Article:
Blog Tag: Class II Device
The FDA has just released draft guidance for unique device identifiers (UDIs) tracking medical devices from their manufacturers to the end users. Specifically, the FDA is providing guidance to device the content and form of UDIs that was lacking (or at least unclear) in the original FDA UDI rule which was published on September 24, 2013.
UDI laws are currently listed under 21 CFR 801.20, and every medical device in commercial distribution is required to have a UDI, unless an exception or alternative applies (for example if the UDI is not technologically feasible). They must be given by an official UDI Issuing Agency that is in line with international standards for medical devices.
The UDI rule began applying to Class III devices in 2014 and implantable, life-supporting and life-sustaining devices in 2015. Class II devices will be in compliance this year, and Class I and non-classified devices will need to have them in 2018.
In this updated draft guidance, the FDA has clarified what forms that the UDI are required to be on medical device packaging. Specifically, the guidelines clarify that the UDIs must be present in two forms on the label and device packing: 1) “easily readable plain-text” and 2) automatic identification and data capture (AIDC) technology. The UDI then must be submitted to the Global UDI Database.
The guidelines provided further information on a number of other topics as well. For example, the guidelines clarified the AIDC technology should be read by a barcode scanner or similar technology, and the UDI may be split into multiple segments on medical device packaging. Moreover, multiple types of AIDC technology can be used on a device label, both representing the same UDI. However, if the UDI is not visible to the human eye, the packaging must disclose that there is the presence of AIDC technology.
The guidance further discussed the specific content of the UDIs, including device and product identifiers as well as data delimiters, and the particular ordering of such information on the packaging.
The FDA providing guidance to the UDI Rule is not uncommon, as a number of other guidances have been issued, such as the guidance issued on June 27, 2014 regarding the Global Unique Device Identification Database and the general guidance issued on August 20, 2014. As this is a complex and important issue, the FDA contains FAQ pages for any questions medical device manufactures may have.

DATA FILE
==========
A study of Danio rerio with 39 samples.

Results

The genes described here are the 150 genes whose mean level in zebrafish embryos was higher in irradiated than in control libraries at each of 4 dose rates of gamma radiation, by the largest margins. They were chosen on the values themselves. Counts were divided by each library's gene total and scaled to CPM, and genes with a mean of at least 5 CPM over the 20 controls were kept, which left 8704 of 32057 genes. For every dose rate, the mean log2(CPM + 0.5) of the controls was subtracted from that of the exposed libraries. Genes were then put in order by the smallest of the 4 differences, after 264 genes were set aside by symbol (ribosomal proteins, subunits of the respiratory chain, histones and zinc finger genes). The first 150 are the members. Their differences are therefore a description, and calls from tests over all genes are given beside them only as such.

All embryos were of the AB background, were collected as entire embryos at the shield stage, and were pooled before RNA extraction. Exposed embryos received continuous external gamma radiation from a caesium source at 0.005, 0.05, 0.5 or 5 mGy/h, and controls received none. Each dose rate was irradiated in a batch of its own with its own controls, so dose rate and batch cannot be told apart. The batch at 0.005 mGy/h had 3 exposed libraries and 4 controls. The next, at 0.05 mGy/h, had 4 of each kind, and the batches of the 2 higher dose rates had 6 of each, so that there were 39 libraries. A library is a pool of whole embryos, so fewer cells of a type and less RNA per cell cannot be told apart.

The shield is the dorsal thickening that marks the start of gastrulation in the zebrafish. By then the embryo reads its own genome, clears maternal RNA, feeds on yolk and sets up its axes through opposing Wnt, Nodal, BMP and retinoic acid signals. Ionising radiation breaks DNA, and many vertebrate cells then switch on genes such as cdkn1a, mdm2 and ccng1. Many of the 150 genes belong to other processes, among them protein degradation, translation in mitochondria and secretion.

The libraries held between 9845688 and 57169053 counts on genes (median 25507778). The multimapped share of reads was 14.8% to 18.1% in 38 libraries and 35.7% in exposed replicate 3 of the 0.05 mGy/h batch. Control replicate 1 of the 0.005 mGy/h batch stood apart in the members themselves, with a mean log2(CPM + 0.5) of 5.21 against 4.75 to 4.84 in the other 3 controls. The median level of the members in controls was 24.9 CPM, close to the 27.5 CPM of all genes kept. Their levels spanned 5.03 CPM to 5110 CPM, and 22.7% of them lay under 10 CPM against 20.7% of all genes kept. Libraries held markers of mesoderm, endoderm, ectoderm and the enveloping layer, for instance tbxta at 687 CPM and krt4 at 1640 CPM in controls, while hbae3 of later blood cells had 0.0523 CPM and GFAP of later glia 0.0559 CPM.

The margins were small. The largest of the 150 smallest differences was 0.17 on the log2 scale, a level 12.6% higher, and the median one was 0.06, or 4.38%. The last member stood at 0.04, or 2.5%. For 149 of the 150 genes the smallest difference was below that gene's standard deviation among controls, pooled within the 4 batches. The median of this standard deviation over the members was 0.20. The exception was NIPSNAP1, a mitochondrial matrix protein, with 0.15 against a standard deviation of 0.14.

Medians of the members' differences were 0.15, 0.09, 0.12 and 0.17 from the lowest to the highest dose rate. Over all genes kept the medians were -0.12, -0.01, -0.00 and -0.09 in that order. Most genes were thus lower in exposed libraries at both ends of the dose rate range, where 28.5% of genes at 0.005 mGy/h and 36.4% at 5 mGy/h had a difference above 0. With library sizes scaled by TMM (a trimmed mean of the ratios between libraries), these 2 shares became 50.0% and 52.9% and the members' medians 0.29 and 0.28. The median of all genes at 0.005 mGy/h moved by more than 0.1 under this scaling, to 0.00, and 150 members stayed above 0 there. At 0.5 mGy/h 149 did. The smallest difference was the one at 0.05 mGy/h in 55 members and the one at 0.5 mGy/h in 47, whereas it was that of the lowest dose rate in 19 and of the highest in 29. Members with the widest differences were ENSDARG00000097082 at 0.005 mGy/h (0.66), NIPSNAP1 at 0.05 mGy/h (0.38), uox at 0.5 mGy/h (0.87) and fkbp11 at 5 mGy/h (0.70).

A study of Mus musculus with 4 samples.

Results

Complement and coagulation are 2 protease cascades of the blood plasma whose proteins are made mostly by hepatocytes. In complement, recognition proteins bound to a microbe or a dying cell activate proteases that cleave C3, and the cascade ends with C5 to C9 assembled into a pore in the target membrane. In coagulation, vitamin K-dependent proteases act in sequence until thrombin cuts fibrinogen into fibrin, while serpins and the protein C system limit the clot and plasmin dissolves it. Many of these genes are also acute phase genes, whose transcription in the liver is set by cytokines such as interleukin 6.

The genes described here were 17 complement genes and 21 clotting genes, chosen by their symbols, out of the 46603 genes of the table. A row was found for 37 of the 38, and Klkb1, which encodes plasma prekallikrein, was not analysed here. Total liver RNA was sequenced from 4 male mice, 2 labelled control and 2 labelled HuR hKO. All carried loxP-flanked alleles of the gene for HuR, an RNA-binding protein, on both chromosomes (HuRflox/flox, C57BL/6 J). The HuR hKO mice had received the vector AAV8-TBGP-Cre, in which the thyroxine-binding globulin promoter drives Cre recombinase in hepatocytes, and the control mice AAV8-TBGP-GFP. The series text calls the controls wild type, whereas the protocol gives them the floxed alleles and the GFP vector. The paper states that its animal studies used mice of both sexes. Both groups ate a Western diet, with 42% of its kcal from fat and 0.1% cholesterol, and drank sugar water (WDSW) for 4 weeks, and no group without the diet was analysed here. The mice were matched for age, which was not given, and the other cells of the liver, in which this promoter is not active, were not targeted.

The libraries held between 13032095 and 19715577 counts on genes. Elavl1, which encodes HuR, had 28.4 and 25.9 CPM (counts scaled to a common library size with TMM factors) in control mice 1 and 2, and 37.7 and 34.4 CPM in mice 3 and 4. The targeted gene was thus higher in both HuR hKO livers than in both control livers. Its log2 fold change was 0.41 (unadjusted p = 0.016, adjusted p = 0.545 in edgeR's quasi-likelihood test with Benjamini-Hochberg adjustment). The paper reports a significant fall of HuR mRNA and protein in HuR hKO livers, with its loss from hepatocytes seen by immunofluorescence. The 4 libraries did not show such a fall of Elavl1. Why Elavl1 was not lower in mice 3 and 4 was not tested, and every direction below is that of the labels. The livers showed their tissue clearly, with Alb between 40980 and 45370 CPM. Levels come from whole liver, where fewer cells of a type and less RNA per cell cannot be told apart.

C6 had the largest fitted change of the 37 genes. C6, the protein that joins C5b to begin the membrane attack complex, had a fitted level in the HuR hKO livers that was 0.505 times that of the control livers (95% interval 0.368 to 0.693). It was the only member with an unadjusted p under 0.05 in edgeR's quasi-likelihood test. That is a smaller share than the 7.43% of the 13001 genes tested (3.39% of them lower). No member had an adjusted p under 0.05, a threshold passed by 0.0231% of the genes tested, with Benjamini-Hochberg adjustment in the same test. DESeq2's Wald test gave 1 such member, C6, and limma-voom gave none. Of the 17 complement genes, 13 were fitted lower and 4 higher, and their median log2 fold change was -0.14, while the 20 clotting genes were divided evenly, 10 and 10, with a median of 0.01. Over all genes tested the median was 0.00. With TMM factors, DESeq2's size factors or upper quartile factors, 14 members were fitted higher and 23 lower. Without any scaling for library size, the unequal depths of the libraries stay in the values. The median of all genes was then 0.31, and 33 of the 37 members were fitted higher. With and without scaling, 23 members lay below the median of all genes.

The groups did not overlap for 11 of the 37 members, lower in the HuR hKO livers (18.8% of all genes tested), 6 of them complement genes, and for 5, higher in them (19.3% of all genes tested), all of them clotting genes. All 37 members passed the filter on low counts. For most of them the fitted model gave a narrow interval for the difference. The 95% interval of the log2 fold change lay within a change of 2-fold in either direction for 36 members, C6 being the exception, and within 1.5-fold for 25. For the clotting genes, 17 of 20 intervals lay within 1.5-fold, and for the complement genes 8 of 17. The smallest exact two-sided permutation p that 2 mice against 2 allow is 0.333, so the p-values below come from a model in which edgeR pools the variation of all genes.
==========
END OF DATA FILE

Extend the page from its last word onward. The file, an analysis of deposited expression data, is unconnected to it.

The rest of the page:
The draft comments will be open for comment for 60 days, and both written and electronic comments are accepted.
Sanitas, Inc., announced today that it received approval from the United States Food and Drug Administration for its Wellaho system. According to its press release, Wellaho’s Personalized Outpatient Management System™ has been approved as a 510(K) class II medical device. The press release states that the Wellaho system is a web-based and mobile platform that allows providers a secure, HIPAA compliant tool to supervise and monitor patients with chronic conditions between office visits.
The CEO of Sanitas, Inc. states:
Patients with chronic conditions need a web of care, coming from the best that providers and technology can offer. Given the tsunami of new apps and technologies that hit the market each year, both patients and providers need the highest validation for the products and services they use. Now, with the FDA’s approval, Wellaho offers one more reason for providers and patients to trust that we can provide a safe, secure, and effective solution for managing their care.
According to the press release, the Wellaho system is currently deployed in clinical studies at UC San Diego Health Services. Sanitas, Inc.’s press release is available through PRNewswire here.